Today a guest post from New Zealand writer Pam Finnie as she discusses the sensitive topic of attractiveness and ageing in women.
A few years ago I was at a barbeque talking to a professional man in his late fifties. He was telling me about a woman he knew who he thought I should talk to about some research I was doing at the time. He told me about her work experience, the fact that she was a on a few boards both nationally and internationally, and he mentioned her age (as he knew I was particularly interested in talking to women aged in their fifties). She sounded wonderful, and then he added ‘plus she’s very attractive for her age’. There are so many things to say about that comment starting with why the need to comment on her appearance.
It also got me thinking about people saying ‘she is attractive for her age’ – how old are the women they are talking about? When I have asked this question of groups I have been working with some think it starts at twenty-five, while others say not until their thirties. Why don’t we hear ‘he’s handsome for his age’. It almost seems that if a man is ‘handsome’ he is a ‘handsome’ regardless of his age BUT if a woman is considered ‘attractive’ and she is older people almost feel obliged add ‘for her age’. The message here is that once past a certain age women aren’t attractive. For many this sets off the eternal search to look younger than they are.
I was reading a paper written by a wonderful woman called Toni Calasanti who said something I found very thought-provoking. She said ‘complimenting an older person on looking younger than they are is like complimenting a woman on doing a job as well as a man’. Take time to think about this. It is suggesting that complimenting someone on looking younger than they are (and thinking you are paying them a compliment) is no different to people in the 1960s thinking it was a compliment to tell a woman she was doing a job as well as a man – ouch, try doing that today.
In the 1960s it was thought that men were ‘better’ than women. In the 2000s, as in previous years, we privilege youth over age. Ever heard someone being told ‘oh, it makes you look so much younger’ – and even worse, seen the person simper and delightedly say ‘thank-you’? Personally I don’t find it a compliment, as it is saying to look younger is better than looking your age. Does this mean we have to strive to look younger from the moment we enter our thirties? I don’t think so. Have you ever seen a woman who looks absolutely wonderful, radiant and totally at ease with herself? I always think such women look as though they would be interesting to know. Chances are she is comfortable with being herself and is not – as my hairdresser calls them – one of the ‘try-hards’.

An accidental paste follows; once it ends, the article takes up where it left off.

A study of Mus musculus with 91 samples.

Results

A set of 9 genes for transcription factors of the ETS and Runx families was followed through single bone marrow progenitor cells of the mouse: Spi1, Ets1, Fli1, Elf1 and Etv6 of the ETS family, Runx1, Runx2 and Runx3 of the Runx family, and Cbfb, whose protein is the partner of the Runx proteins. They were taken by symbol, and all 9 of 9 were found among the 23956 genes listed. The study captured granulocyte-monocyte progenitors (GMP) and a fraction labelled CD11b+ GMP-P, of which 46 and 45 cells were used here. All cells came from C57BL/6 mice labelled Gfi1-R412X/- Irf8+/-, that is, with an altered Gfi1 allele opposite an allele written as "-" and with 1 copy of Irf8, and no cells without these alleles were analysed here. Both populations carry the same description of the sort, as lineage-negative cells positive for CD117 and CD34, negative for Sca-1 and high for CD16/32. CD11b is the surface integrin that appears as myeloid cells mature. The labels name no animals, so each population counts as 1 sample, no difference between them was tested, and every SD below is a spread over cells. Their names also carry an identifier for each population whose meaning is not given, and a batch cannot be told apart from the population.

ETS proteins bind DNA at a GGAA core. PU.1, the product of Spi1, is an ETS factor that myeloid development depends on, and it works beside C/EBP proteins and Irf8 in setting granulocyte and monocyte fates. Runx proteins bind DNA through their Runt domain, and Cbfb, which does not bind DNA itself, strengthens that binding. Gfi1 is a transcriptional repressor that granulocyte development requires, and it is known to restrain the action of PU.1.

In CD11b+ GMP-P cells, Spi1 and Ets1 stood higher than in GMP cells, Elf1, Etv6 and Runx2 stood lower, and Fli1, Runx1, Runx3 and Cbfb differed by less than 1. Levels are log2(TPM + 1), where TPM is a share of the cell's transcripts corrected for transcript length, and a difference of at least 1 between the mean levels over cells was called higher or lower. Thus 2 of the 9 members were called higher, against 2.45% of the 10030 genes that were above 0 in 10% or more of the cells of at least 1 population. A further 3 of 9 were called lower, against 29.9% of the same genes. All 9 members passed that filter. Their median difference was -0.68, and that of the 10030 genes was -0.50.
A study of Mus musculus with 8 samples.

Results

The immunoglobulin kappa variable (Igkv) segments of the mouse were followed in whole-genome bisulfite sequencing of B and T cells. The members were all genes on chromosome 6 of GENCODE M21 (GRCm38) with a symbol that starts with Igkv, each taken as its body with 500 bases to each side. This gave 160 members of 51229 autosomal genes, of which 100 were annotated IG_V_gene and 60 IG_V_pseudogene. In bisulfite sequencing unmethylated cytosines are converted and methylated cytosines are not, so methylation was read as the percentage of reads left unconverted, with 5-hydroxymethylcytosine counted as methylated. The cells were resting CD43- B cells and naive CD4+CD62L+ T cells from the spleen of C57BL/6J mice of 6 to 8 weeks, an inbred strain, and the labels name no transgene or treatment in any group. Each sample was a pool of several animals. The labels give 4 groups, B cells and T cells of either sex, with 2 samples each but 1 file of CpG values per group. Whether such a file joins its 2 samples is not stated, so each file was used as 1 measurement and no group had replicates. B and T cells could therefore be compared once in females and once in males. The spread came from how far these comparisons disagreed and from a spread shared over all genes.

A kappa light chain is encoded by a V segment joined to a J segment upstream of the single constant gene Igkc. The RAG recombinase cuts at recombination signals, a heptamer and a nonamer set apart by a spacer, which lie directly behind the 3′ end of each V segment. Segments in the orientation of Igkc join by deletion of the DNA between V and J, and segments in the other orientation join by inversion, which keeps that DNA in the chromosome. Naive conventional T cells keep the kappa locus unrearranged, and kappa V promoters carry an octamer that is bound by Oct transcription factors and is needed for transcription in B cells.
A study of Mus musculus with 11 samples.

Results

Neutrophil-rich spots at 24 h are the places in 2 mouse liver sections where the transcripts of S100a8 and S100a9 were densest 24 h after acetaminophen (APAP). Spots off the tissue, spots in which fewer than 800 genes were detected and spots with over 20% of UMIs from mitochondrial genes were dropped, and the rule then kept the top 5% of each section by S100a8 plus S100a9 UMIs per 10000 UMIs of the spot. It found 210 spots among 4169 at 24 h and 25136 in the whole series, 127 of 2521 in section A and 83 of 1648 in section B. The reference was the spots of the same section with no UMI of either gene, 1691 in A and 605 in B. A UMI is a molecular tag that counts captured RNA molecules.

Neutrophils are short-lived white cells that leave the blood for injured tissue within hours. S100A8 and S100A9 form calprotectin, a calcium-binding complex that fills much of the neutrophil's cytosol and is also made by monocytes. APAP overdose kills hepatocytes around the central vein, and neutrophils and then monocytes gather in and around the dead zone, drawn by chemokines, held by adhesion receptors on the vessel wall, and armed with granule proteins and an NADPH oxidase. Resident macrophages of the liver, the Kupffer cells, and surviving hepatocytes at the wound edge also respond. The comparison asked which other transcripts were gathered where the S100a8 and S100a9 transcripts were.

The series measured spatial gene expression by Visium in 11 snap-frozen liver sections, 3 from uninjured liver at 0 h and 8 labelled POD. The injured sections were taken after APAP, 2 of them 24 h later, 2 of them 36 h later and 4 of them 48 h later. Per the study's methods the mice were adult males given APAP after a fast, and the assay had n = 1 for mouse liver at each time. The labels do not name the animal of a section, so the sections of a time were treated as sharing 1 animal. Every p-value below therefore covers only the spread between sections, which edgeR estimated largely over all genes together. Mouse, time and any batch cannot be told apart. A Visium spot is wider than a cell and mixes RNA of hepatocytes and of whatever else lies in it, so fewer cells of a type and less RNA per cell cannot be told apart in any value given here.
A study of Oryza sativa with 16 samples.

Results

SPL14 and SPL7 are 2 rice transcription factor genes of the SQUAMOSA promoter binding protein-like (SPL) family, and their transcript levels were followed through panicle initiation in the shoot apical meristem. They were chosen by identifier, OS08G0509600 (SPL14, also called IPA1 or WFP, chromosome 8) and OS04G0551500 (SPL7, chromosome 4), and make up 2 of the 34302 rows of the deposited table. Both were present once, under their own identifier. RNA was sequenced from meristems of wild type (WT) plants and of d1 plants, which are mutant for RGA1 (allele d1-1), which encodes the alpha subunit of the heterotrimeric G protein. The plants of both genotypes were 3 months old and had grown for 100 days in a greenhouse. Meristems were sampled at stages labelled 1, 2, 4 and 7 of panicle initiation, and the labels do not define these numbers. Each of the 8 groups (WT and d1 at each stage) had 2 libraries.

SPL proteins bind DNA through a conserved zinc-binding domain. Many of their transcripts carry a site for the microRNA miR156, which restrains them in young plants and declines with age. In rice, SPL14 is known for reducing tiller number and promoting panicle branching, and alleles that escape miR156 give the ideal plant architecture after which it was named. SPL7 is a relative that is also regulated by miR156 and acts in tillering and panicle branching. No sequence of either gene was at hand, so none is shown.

The argument people raise is that if someone wants to look younger than they are, why shouldn’t they? I believe it depends on what drives them. Go to any mall and watch the teenager with the shoulder length blonde hair who is with a friend who is dressed almost identically. Then they turn around and you realise one of them is the mother. Chances are there are many things underpinning the mother’s look.
Before you say ‘get over yourself, that is just how it is’, think about the 1960s when people thought it a compliment to say a women had done something as well as a man – things didn’t change overnight. Things changed because people didn’t accept the status quo. Once again we need to stop accepting the status quo – the privileging of youth over age. So next time you go to tell someone that a certain hairstyle or new dress makes them look younger, STOP, and think about what you are really saying. Instead, say the colour looks fantastic on them or they look radiant or their hairstyle suits their face shape.
Pam Finnie lives in Taranaki and is fascinated by women, aging and appearance. She has recently completed an MPhil thesis based on the factors that contribute to successful job change for women in their mid-fifties.